Police in Seoul have detained more than a dozen South Korean activists returning from a week-long trip to communist North Korea. The group could face charges of violating South Korea's anti-Communist law.
The 311-member delegation of South Korean civic, religious and labor activists arrived back in Seoul Tuesday amid heavy airport security.
Several security agents quickly hustled off 16 members of the delegation for questioning. Thousands of police in riot gear surrounded the terminal at Kimpo Airport to prevent a clash between the delegation's sympathizers and protesters vehemently opposed to the group's Pyongyang visit.
The protesters called the travelers "traitors" for attending North Korean events commemorating Korea's liberation from Japanese colonial rule in 1945.
The South Korean government says the detainees face possible prosecution for joining a rally at a Stalinist monument meant to promote the communist reunification policy of North Korea's late founder, Kim Il-Sung. South Korea has stringent security laws that prohibit its citizens from engaging in what it sees as pro-communist activities.
South Korea has stringent security laws that prohibit its citizens from engaging in what it sees as pro-communist activities.
Professor Byong Moo-huang at Korea National Defense University in Seoul says the activists appear to have broken their promise to the South Korean government.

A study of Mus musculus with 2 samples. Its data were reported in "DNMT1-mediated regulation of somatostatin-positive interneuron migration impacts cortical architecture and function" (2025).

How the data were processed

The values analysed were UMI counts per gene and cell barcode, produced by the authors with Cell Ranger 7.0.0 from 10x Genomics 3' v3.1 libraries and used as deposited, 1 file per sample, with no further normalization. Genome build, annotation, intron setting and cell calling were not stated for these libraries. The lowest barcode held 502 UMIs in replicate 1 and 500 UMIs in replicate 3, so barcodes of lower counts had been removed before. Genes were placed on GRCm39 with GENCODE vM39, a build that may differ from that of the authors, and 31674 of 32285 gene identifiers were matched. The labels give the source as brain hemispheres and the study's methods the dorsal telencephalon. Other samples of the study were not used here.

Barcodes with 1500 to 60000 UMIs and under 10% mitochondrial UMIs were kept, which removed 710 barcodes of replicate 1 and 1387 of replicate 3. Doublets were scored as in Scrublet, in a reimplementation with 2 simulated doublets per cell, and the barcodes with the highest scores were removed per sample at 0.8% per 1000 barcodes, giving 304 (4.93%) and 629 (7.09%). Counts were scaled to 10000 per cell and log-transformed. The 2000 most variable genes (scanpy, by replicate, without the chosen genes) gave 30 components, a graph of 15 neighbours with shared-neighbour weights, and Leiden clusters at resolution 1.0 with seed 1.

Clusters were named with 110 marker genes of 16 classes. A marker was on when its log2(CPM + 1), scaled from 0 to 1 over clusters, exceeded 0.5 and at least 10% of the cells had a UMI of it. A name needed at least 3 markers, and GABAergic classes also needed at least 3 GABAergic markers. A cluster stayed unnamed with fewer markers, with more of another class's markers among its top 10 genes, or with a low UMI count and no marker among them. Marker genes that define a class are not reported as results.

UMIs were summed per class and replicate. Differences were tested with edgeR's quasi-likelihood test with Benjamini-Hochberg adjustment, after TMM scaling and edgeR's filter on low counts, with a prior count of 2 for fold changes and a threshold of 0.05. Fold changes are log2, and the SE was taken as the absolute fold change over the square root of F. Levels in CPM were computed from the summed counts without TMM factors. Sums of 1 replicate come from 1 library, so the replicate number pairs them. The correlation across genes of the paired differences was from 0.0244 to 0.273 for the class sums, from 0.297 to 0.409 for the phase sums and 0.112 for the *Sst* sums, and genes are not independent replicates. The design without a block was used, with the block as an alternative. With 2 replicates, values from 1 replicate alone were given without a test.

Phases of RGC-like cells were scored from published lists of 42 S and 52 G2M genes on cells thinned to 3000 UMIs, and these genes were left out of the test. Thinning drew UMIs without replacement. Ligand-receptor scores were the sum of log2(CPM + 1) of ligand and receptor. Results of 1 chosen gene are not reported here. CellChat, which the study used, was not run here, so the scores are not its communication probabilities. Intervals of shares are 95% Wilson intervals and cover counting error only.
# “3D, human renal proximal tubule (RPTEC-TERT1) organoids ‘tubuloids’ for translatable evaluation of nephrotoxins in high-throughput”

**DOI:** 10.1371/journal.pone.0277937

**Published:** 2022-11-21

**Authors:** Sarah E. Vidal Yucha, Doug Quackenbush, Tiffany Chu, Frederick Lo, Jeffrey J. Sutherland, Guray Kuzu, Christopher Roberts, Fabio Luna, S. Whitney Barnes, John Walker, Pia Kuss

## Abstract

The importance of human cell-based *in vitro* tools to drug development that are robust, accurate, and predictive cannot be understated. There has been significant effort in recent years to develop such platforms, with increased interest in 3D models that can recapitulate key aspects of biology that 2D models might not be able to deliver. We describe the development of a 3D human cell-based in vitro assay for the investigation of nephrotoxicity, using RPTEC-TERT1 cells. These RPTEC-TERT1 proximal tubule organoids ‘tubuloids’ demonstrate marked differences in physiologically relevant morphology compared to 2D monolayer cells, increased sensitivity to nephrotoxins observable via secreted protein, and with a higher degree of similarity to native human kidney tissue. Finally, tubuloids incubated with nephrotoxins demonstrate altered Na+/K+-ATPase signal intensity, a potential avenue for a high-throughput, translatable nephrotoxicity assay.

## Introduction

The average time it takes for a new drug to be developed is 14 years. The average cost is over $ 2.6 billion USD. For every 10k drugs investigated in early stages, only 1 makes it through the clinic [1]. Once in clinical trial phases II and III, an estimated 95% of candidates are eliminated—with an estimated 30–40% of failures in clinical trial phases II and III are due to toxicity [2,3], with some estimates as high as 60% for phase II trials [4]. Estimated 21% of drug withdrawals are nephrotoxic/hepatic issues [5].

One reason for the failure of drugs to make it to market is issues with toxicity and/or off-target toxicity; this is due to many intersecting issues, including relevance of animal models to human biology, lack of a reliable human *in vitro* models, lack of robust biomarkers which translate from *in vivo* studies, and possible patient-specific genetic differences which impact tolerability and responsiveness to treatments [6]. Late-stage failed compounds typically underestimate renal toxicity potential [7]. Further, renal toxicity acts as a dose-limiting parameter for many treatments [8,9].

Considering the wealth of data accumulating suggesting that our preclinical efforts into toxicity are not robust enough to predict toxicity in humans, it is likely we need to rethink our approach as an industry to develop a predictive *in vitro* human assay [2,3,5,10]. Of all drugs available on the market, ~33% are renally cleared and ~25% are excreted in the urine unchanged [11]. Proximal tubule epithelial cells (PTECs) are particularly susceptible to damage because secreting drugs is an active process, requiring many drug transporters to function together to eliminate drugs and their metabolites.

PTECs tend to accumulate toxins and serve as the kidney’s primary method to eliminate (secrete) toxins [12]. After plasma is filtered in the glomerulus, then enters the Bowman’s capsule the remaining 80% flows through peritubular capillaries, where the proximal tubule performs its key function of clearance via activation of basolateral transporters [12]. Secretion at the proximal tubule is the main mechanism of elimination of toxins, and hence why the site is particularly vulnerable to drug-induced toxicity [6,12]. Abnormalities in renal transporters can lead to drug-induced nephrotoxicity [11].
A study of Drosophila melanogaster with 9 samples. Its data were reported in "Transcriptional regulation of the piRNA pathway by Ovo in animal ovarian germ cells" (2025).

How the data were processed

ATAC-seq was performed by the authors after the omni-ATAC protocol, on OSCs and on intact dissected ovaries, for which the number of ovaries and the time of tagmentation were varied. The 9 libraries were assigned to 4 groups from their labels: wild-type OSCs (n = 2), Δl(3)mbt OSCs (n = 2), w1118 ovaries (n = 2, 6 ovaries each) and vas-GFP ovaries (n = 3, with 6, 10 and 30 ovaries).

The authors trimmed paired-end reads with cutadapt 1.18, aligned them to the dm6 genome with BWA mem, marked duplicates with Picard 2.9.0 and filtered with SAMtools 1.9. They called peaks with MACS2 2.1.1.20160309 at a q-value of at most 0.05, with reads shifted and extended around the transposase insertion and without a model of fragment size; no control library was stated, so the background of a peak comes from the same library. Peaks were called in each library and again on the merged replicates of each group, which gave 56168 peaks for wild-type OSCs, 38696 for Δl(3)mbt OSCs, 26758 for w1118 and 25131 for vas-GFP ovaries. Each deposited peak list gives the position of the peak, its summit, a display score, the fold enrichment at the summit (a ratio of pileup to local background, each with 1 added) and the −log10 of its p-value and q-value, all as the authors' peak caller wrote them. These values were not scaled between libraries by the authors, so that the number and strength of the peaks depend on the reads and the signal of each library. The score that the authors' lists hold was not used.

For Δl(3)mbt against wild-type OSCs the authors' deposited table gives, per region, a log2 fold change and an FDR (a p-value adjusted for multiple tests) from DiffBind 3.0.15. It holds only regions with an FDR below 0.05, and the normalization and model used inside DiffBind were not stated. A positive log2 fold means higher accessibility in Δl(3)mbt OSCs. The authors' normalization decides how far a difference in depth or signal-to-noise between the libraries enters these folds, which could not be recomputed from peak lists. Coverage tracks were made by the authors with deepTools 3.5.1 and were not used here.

"Our government allowed the group to go to Pyongyang under a couple of conditions. The first condition is, don't attend the ceremony in front of the monument. Don't agree with the North Korean reunification policy. But some violated our government's preconditions. That's why they are being investigated," he said.
The case is likely to be a further setback for South Korean President Kim Dae-jung, who has been trying to promote warmer ties with North Korea under his so-called "sunshine" engagement policy.
Inter-Korean relations flourished last year after the first-ever summit between President Kim and North Korean leader Kim Jong-Il. The South Korean leader even won the Nobel Peace prize for his efforts to engage the North. But progress has stalled in recent months.
The two Korea's remain technically at war under a 1953 armed truce.